Will Mitt Romney Tie People Up and Force Water Into Their Lungs?



The article points out that "the memo is a policy proposal drafted by Mr. Romney's advisers in September 2011 -- not a final decision by him." It is therefore imperative to get that final decision from Romney, if he is capable of such a thing -- and to eschew torture euphemisms while doing it.

Don't ask Romney if he will permit "enhanced interrogation" or even "waterboarding." Ask him,"Would your administration take prisoners, strap them to a board, obstruct their nasal cavity, and force water down their throats till it fills their lungs and terrifies them with the sensation of drowning?"

Expect the dodge Romney used when asked about waterboarding in 2007: 

I do not believe as a presidential candidate it is wise for us to describe precisely what techniques we will use when interrogating people.

Here's how the questioner can retort: "I'm not asking precisely what techniques you would use, Governor Romney, the question is about what techniques you definitely wouldn't use. So are you saying it is possible you'd order that water be forced down the throat of a bound man until it filled his lungs? Or do you think that crosses the line into torture, which you've previously said that you won't countenance?"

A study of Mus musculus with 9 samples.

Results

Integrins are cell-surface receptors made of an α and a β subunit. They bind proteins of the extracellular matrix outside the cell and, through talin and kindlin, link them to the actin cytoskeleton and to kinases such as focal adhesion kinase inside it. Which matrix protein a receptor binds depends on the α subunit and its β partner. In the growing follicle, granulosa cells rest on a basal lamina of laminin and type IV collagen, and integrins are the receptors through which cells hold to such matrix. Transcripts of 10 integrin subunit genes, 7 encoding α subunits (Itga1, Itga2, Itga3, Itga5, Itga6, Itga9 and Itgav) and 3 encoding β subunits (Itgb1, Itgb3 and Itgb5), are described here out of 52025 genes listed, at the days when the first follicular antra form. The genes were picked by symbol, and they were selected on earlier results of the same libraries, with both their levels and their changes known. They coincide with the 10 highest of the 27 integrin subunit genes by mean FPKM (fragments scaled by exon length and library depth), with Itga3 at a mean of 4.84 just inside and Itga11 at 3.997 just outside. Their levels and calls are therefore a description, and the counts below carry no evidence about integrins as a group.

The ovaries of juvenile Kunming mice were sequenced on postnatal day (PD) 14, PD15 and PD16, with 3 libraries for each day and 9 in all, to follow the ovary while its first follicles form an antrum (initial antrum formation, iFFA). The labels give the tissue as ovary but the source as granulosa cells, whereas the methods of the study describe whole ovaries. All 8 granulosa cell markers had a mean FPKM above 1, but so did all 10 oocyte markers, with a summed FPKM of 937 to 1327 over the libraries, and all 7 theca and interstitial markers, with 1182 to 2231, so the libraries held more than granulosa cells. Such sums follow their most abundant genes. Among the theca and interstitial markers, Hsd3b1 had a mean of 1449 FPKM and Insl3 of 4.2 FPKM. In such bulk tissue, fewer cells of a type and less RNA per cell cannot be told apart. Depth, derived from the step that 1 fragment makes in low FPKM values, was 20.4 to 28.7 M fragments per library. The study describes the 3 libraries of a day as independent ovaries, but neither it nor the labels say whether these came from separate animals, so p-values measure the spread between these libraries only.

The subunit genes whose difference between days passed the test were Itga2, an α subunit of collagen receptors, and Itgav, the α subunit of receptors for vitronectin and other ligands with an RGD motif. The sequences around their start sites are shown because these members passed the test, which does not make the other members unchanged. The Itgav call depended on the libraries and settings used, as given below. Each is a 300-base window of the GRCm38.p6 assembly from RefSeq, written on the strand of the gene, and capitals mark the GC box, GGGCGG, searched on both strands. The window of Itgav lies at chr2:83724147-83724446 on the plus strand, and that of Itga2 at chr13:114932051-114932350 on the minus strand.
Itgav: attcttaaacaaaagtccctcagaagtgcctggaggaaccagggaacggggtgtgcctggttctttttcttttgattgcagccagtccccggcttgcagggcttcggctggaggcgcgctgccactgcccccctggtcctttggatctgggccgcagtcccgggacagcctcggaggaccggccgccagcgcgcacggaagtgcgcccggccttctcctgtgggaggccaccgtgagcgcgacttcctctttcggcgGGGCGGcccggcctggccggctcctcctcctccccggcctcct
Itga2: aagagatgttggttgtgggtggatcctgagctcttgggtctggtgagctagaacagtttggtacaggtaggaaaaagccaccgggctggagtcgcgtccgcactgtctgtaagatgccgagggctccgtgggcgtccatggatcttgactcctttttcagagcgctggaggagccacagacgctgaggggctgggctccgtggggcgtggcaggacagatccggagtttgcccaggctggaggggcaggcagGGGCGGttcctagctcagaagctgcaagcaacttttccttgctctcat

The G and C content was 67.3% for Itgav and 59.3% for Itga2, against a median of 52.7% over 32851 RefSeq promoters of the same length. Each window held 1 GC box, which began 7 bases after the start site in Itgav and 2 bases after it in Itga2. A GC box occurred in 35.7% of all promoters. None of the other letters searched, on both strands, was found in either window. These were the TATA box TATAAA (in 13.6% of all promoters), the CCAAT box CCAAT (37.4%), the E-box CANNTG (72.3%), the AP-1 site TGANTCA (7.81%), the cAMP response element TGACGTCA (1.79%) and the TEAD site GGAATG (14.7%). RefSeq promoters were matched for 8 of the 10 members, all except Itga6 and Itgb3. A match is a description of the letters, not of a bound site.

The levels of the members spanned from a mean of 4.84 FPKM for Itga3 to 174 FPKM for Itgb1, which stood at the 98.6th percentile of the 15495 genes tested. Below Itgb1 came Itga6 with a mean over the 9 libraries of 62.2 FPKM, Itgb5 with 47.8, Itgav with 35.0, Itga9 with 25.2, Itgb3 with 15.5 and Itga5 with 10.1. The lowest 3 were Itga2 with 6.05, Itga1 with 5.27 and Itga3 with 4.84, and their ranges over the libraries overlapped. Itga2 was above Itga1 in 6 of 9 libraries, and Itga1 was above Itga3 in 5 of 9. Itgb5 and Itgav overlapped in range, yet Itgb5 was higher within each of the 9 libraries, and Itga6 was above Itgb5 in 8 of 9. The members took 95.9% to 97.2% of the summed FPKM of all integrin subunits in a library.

If he again says, "I do not believe as a presidential candidate it is wise for us to describe precisely what techniques we will use when interrogating people," it's crucial to keep pestering him. I'd suggest, "Governor Romney, surely you don't mind reassuring us that it would be wrong to drill holes in the testicles of a prisoner, or to soak his hair in gasoline and light it on fire. That is right, isn't it?"

(Pause.)

"So why can't you tell us whether you think it's okay to force water down their throats and into their lungs? Isn't it meaningless to tell us you're against torture if you won't explain how you define it?"

What do you think, Jim Lehrer, moderator of debate No. 1?

Odds are long against anyone adopting my script, of course, but I do hope describing the act rather than labeling it catches on. It really forces everyone to confront the reality of what's being done. For those who want to learn more about that reality, two pieces of recommended reading: the essay Christopher Hitchens wrote after volunteering to be "waterboarded," and this chilling story from an American who went through training in how to survive the techniques Bush used.